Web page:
The Booming Business Behind Kids' Fashion on Instagram

It’s no secret that Instagram has played a key role in making the fashion world a more inclusive place. From offering industry outsiders a virtual front-row seat at runway shows to giving indie designers an instant global audience, the app is filled with opportunities for fashion hopefuls big, small, and—in this case—pint-size. It’s true: While grown-up bloggers have earned a living through brands willing to pay big money for wearing (and tagging) their designs, there’s a new wave of mini influencers taking over the Insta fashion scene—and they’re not even old enough to watch a PG-13 movie.

Keep reading to learn about big business of kids' fashion on Instagram.

“Zooey was almost 3 years old when I started her Instagram,” says Mai Nguyen-Miyoshi, mother to now 4-year-old Zooey Miyoshi of @zooeyinthecity. “Because I had worked in social media and was surrounded by fashion and style bloggers for so long, I already had a sense of how I wanted to run Zooey’s account. I wanted to stick to what I thought was cool and not cheesy, and I guess it worked!”

Oh, it worked. Zooey has more than 30,000 Instagram followers, and each adorable, wait-I-want-that-outfit-in-my-size post averages around 1500 likes. Nguyen-Miyoshi—along with a handful of other social-savvy moms, like Sai De Silva who runs @scoutfashion, Nikki Yip who runs @kingandkaui, and Katie Morgan who runs @liv_and_willow—know how to showcase inspiring kids’ looks without overexposing their little ones, and brands are taking notice in a major way.

“We didn’t start charging brands until Zooey reached 10K followers and averaged over 800 likes per photo,” Nguyen-Miyoshi reveals. “It only felt fair because it’s so much work to take her out on location and shoot. Instagram posts can range from $150 to $300, depending on the relationship with the brand, how many posts the brand wants, and what type of collaboration it is. We charge between $250 and $300 for giveaways or Instagram takeovers. For official photo shoots, her agency charges $150 per hour, plus a 20% agency fee. The most we’ve been paid for a shoot was $600 for one and a half hours of work. Zooey has gotten pretty professional and performs extremely well shooting in a studio, so she always gets the shot pretty fast.”


King and Kaui

While De Silva politely passed on discussing financials, she did reveal that running @ScoutFashion, along with the blog Scout the City, has definitely become a full-time job. “I’m very fortunate to work with my daughter because I never miss moments and we create amazing memories together. It truly is a dream job, especially for a parent!” 

Yip, who puts together incredibly cool outfits for her son Kingston and daughter Kaui that North West would want to steal, notes that she “doesn’t charge per post like most people do” since “receiving free stuff is a gift in itself,” but they do receive $100+ an hour for jobs booked through their agency

Morgan, a mother of three who manages her daughters Liv and Willow’s modeling careers, charges a baseline of $30 per Instagram post and around $170 an hour with a three-hour minimum for photo shoots. Morgan’s children also model for Revolve, which recently launched a kids’ category. The e-tailer’s VP of brand marketing, Raissa Gerona, tells us the brand currently “does not have a kids’ ambassador program, but will explore this as the interest in kids’ fashion continues to grow.”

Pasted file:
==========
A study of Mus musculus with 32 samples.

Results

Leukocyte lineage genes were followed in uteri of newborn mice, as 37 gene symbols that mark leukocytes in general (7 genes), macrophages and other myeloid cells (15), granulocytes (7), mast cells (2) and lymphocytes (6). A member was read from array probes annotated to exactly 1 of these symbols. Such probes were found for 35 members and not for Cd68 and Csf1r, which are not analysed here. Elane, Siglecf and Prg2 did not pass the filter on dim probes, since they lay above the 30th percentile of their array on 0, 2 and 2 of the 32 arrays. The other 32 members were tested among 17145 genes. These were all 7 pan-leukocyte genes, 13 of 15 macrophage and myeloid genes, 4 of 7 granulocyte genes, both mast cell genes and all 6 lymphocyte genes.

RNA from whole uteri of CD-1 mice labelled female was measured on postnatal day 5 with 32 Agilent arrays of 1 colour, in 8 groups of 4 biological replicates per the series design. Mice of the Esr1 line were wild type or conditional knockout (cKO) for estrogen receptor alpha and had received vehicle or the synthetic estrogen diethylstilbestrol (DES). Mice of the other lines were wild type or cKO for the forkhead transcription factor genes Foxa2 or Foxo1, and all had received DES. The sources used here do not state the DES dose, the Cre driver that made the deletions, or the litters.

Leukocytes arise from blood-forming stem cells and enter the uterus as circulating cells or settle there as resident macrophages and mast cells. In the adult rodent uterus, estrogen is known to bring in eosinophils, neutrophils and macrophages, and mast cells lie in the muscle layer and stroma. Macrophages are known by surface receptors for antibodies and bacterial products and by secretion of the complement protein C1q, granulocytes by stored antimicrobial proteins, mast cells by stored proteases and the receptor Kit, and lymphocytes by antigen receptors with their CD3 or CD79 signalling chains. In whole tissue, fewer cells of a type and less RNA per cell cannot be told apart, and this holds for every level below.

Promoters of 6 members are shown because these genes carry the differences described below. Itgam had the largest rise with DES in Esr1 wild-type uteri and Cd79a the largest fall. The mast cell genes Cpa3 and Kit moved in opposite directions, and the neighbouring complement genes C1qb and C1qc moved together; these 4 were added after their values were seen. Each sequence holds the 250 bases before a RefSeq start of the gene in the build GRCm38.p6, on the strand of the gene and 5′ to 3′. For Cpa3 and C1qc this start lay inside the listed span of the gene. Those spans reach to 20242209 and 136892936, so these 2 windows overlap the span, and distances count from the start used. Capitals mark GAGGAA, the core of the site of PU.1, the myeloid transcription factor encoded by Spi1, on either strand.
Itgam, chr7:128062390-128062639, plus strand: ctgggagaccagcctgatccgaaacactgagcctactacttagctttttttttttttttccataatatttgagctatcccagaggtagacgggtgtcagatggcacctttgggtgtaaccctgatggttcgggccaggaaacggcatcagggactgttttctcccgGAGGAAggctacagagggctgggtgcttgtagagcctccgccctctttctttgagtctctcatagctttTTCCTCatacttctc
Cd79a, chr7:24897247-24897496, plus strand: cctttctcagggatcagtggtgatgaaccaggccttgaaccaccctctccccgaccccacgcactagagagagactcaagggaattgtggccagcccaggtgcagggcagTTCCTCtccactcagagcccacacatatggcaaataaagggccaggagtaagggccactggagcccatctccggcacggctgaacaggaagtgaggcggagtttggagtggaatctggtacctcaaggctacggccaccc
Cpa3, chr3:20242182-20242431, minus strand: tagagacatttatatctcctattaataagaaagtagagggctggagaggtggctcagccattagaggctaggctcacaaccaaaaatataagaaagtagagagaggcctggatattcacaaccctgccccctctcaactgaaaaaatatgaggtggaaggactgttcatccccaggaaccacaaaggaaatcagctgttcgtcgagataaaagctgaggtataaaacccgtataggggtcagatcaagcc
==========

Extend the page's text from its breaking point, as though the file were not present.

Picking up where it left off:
So which designers can vouch for these rising Insta stars? Ashleigh Dempster, co-founder of celebrity kid–favorite AKID, raves about both @zooeyinthecity and @kingandkaui, noting that she “absolutely adores their parents—they couldn’t be nicer! What I love about both Mai and Nikki is that they let their kids be kids. The photos posted are curated but not contrived.”

MINI X founder Emily Wassall shares Dempster’s sentiment, noting that “Zooey’s style gives most of the adult style bloggers a run for their money.” Ultra Violet Kids founder Michelle Chaplin adds that Nguyen-Miyoshi, as well as Joy Cho of @OhJoy, are “lovely to work with.”

Although being a nice person will clearly get you far in this kids’ fashion game, Nguyen-Miyoshi has some serious pro tips for getting started. “To be successful and grow the right following, you need to create quality content that brands will want to regram,” she explains. “Good photo-editing skills are a plus. Create your child’s own style, and focus on what makes your child stand out, but in a classy way. I’ve read a lot about the type of photos we should post of our kids on social media to prevent creepy and bad people from following. It’s one of the reasons Zooey is usually wearing sunglasses in her photos.”

Nguyen-Miyoshi also says to avoid over-hashtagging in the first caption line, which is a good rule of thumb for any Instagram user, really. “Save your hashtags for your second line,” she adds. “Your goal is to become the top post on all the hashtags you use.”

While kids’ fashion has been an Instagram favorite for quite some time (the #KidsFashion hashtag alone has more than 5.1 million posts), the actual business of this unique income stream began to take off in 2012, when accounts like @MiniStyleBlog started regramming cool kids’ looks while tagging the family and brands behind them.

Today there are literally hundreds of Instagram accounts dedicated to this fashion phenom, and this is only set to increase. But here’s the real question: Does this emerging business have true staying power? Will brands continue to financially reward parents for dressing their kids fashionably? Only time will tell, but our guess is that the business of kids’ fashion will soon span across all digital platforms—and beyond.

What’s your take on the business of kids’ fashion on Instagram? Do you follow any mini-trendsetters?